If drones and other autonomous crafts are going to perpetually perform tasks like aerial surveillance or delivering packages and goods, they need a reliable method of recharging batteries with minimal (if any at all) human intervention. Wireless and UAV charging methods have gone hand-in-hand over recent years, as several startups and larger corporate entities have begun working towards making these achievements possible. One of these companies is Seattle-based startup WiBotic, which is developing a suite of wireless charging technology and battery management software that could allow drones to land on base stations for quick or slower battery-friendly overnight recharges.
The startup recently raised $2.5 million in seed funding, as they try to perfect wireless power through various technologies for a wide range of applications. The Seattle area alone contains companies like Ossia and LaserMotive, both of which are working on projects like wirelessly charging multiple devices in one room, and beaming power to drones in flight or crafts in space.
Although wireless charging has existed for a considerably long time, the concept is still in its infancy. Most people don’t realize they have at least one appliance or electronic in their homes that charge wirelessly—like an electric toothbrush. Some might describe the current market for wireless charging as “bullish,” with some revenue projections saying the industry could be valued as high as $25 billion by 2023.
WiBotic is focusing on industries where human intervention isn’t just an inconvenience, but a genuine hindrance to cost savings promised by autonomous systems. Commercial drones or robot operators working in a movie set or construction site might need up to 100 batteries for a day’s worth of flying, depending on the size of their fleet. Most operators spend large portions of their days swapping batteries and monitoring which ones have been charged.
Drones containing WiBotic’s resonant induction wireless charging technology could land on a base station for an automatic recharge with no cords attached to them, or bands on the device to change a battery. The importance of autonomous recharging only grows with the drone’s size or robot fleet, especially with crafts expected to operate continuously.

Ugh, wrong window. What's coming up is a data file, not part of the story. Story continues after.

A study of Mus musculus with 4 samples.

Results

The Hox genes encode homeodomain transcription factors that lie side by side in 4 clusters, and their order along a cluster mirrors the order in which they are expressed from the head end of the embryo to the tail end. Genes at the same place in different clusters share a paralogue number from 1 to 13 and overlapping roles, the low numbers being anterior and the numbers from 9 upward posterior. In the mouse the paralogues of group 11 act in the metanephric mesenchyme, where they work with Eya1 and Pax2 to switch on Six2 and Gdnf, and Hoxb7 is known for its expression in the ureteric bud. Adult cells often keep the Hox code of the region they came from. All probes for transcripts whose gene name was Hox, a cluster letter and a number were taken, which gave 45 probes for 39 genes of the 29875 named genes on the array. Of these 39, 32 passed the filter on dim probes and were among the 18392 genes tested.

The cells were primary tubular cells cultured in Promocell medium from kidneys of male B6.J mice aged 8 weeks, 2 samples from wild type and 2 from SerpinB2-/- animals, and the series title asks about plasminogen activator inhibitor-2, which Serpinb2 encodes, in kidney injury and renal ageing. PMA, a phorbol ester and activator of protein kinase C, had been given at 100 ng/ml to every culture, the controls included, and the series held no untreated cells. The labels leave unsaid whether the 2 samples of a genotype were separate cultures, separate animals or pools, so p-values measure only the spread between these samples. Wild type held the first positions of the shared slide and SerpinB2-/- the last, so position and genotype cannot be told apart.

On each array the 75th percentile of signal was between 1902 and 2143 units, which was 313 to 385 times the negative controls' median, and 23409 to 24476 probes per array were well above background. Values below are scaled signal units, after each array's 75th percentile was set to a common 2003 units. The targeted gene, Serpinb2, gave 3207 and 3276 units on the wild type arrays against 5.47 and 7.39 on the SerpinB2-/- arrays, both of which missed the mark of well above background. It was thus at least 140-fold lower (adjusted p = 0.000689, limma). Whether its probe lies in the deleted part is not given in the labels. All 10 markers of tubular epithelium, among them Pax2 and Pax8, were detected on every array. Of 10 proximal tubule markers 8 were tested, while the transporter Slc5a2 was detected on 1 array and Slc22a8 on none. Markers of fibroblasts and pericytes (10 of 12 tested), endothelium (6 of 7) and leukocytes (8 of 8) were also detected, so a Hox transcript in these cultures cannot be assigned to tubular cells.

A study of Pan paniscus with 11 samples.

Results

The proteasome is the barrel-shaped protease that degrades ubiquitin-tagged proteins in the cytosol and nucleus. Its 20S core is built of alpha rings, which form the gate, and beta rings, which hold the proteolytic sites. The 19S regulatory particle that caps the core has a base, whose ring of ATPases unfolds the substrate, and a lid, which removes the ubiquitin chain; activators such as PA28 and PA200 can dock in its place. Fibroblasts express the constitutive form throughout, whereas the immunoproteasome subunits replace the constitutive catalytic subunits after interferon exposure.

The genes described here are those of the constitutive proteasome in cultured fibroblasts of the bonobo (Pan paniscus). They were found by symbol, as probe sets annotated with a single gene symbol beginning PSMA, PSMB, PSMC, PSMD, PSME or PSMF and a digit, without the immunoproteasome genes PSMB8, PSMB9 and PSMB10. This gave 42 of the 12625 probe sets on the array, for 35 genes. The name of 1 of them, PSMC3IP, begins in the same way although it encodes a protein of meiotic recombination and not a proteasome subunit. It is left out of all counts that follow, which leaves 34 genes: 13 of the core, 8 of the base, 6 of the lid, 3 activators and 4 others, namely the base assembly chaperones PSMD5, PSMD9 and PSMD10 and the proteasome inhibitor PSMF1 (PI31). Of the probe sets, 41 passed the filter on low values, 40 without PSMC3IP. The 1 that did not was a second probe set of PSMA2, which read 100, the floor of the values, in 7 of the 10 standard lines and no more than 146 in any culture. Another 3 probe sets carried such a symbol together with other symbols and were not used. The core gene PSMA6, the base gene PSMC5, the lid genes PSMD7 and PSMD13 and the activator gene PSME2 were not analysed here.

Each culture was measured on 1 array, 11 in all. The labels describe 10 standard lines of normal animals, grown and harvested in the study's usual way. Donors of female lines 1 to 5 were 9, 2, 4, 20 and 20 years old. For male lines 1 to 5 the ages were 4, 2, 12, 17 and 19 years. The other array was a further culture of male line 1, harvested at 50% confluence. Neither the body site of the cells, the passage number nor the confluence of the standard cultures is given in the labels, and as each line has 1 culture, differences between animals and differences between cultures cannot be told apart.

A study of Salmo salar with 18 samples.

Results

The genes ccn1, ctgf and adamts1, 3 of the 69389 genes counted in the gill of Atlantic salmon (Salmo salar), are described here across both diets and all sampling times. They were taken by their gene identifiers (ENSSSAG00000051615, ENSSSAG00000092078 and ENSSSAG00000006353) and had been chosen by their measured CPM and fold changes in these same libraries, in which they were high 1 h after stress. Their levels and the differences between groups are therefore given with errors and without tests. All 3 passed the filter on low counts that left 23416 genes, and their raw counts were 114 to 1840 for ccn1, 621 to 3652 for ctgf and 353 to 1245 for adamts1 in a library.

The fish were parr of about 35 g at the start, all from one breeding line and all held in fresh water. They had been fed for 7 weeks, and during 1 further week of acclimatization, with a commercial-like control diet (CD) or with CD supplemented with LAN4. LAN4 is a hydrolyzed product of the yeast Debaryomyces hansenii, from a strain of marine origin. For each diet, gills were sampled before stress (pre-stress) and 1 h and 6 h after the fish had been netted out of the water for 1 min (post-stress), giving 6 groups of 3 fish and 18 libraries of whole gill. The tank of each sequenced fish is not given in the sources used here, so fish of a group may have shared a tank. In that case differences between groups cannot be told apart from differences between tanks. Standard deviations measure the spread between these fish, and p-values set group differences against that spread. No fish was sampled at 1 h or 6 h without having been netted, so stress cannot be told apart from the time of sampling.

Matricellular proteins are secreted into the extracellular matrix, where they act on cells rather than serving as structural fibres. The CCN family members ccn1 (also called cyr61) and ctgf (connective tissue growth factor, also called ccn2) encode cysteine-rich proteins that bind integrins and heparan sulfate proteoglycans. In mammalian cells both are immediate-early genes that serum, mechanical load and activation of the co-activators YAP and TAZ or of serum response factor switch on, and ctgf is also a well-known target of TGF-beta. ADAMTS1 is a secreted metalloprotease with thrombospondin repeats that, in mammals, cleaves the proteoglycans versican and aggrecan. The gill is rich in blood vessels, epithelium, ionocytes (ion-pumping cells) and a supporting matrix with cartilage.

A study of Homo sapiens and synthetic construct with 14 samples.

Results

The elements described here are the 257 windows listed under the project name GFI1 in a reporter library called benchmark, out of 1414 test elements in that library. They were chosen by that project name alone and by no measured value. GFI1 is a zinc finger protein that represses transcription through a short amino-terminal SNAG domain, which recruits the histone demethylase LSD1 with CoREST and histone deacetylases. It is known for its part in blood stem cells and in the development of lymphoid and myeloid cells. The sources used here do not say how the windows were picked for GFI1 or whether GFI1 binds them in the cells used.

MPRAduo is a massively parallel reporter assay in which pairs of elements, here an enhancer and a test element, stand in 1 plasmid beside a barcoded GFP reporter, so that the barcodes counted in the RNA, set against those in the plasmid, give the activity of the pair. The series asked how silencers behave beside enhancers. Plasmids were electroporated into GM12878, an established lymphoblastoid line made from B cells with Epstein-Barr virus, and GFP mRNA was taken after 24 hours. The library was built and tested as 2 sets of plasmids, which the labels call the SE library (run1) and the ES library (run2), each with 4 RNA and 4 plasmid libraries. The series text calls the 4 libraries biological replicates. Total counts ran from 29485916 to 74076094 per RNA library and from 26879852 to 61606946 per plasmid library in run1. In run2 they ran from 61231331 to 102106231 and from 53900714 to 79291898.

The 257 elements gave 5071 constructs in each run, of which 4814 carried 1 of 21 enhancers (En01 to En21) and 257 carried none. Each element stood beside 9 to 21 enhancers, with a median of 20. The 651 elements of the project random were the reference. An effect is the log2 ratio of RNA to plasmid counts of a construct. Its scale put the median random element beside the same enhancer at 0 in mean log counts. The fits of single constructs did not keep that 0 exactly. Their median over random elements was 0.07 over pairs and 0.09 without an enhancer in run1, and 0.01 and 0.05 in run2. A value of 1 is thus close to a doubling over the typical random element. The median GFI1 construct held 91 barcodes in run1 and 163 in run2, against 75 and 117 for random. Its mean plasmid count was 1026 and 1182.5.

In a prototype demonstration, a transmitter circuit is embedded in a drone landing pad or robotic docking station that connects to a coil, whose shape, size, and weight can be customizable for specific applications. Upon approaching, a drone’s presence is detected by the system. A receiver coil mounted on (or embedded in) the drone then begins to receive power. One of the advantages of WiBotic’s system is the software can “adaptively tune” the resonance of the transmit and receiver coils, optimizing their frequency to account for changing distances and orientations in between.
If the drone doesn’t make a precise landing on the pad, it can still establish a strong connection to the power source. Software monitoring the relative position of the coil can provide feedback to help improve the precision of autonomous landings. Coils are tuned for optimal charging, even when the drone and base station are imperfectly aligned. Coils also provide battery intelligence and management, which is useful to companies deploying larger fleets. When a drone’s work is complete for the day, the unmanned crafts can slowly replenish their batteries, which is optimal for battery longevity.